Probe sought in Army Corps of Engineers bribe case
WASHINGTON (AP) — At least two House Democrats on Wednesday called for an investigation into accusations of a $20 million government contracting fraud involving two employees of the U.S. Army Corps of Engineers.
Rep. Tim Bishop, D-N.Y., the top Democrat on the subcommittee with oversight of the Army Corps of Engineers, sought the investigation, as did Rep. Edward Markey, a Massachusetts Democrat.
The calls came a day after the unsealing of an indictment charging the two employees, Kerry F. Khan and Michael A. Alexander, and two other men with a scheme to steer contracts to an information technology subcontractor in exchange for millions of dollars in kickbacks. Prosecutors say those kickbacks helped pay for more than a dozen properties, expensive watches, clothing and cars and first-class airline tickets. The indictment includes charges of conspiracy to commit bribery and wire fraud, unlawful kickbacks and receipt of a bribe.
"I think it's absolutely imperative that we conduct hearings as soon as possible to a) learn more about this particular situation and, b) determine what kinds of safeguards need to be put in place that obviously are not now to prevent this kind of thing from ever happening again," Bishop told The Associated Press. He called the allegations "tremendously alarming."
Also charged are Khan's son, Lee A. Khan, who prosecutors say controlled a consulting company with his father and also benefited from the scheme, and Harold F. Babb, the director of contracts for Eyak Technology LLC. Eyak Technology is a subsidiary of an Alaska Native Corporation with Virginia operations. It was the prime contractor for a five-year, $1 billion contract administered by the Army Corps of Engineers.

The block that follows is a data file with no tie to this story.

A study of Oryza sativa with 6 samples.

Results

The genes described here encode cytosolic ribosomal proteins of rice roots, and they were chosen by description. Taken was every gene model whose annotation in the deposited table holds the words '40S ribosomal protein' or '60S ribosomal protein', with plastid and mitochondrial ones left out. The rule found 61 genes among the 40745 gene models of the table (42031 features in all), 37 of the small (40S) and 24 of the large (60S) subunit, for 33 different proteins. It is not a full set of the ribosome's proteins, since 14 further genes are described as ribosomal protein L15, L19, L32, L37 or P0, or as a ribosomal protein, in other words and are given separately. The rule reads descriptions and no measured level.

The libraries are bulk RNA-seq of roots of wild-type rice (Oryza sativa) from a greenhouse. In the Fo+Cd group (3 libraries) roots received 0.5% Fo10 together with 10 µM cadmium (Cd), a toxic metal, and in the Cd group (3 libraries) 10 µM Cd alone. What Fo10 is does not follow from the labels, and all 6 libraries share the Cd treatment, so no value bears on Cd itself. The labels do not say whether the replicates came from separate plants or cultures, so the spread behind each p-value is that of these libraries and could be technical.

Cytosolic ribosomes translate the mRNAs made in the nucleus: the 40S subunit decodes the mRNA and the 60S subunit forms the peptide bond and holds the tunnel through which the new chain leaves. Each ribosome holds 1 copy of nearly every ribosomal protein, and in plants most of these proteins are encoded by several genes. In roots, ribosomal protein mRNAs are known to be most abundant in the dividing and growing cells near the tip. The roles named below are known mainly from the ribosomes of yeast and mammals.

Markey is the top Democrat on the House Natural Resources Committee, which has oversight of Alaska Native Corporations. The corporations have certain procurement advantages that enable them to obtain billions of dollars in federal contracts through a Small Business Administration program. Critics, including Sen. Claire McCaskill, a Missouri Democrat, say the corporations enjoy loopholes that too often lead to fraud and waste.
Markey, in a letter to committee chairman Rep. Doc Hastings, R-Wash., called for a hearing to assess whether Eyak Technology has sufficient internal controls to "protect against bribery or other malfeasance by company employees, and whether additional protections are needed."
Rod Worl, the chief executive officer of the Eyak Corporation and president of Eyak Technology LLC, said the company was cooperating with the investigation and that Babb had been fired.
"Eyak and its shareholders will not tolerate this type of conduct by anyone employed by or associated with an Eyak company," Worl said in a statement.
The defendants are due in U.S. District Court in Washington on Thursday for a hearing to determine if they'll remain in jail before trial.
The indictment accuses Khan and Alexander of directing government work to an unidentified Virginia subcontractor referred to in the indictment as Company A. The chief technology officer for the company, identified in court papers as a co-conspirator, submitted to EyakTek inflated and phony quotes for its work, which were used to create bogus invoices for the Army Corps of Engineers, according to court papers. Prosecutors say the money was then funneled back to the defendants.
Eyaktek was the prime contractor on a $1 billion contract administered by the Army Corps of Engineers, while Company A was a subcontractor.
Prosecutors said in court papers filed Wednesday that the evidence against the defendants, which includes dozens of recorded conversations between them and the unnamed co-conspirator, was overwhelming. They also provide new details about threats of violence they allege were made by one of the men against a family member.
They say Lee Khan's brother, imprisoned for a federal drug trafficking crime, threatened to snitch on his family members unless he was paid off. The brother was sent $400,000, prosecutors say, but Lee and Kerry Khan remained concerned that their relative would cooperate with law enforcement regardless.
"If anything like that happens, you are losing a son, because I will kill that (expletive) myself. That's all there is to it," Lee Khan told his father, according to court papers. He also threatened to have a fellow inmate kill his brother.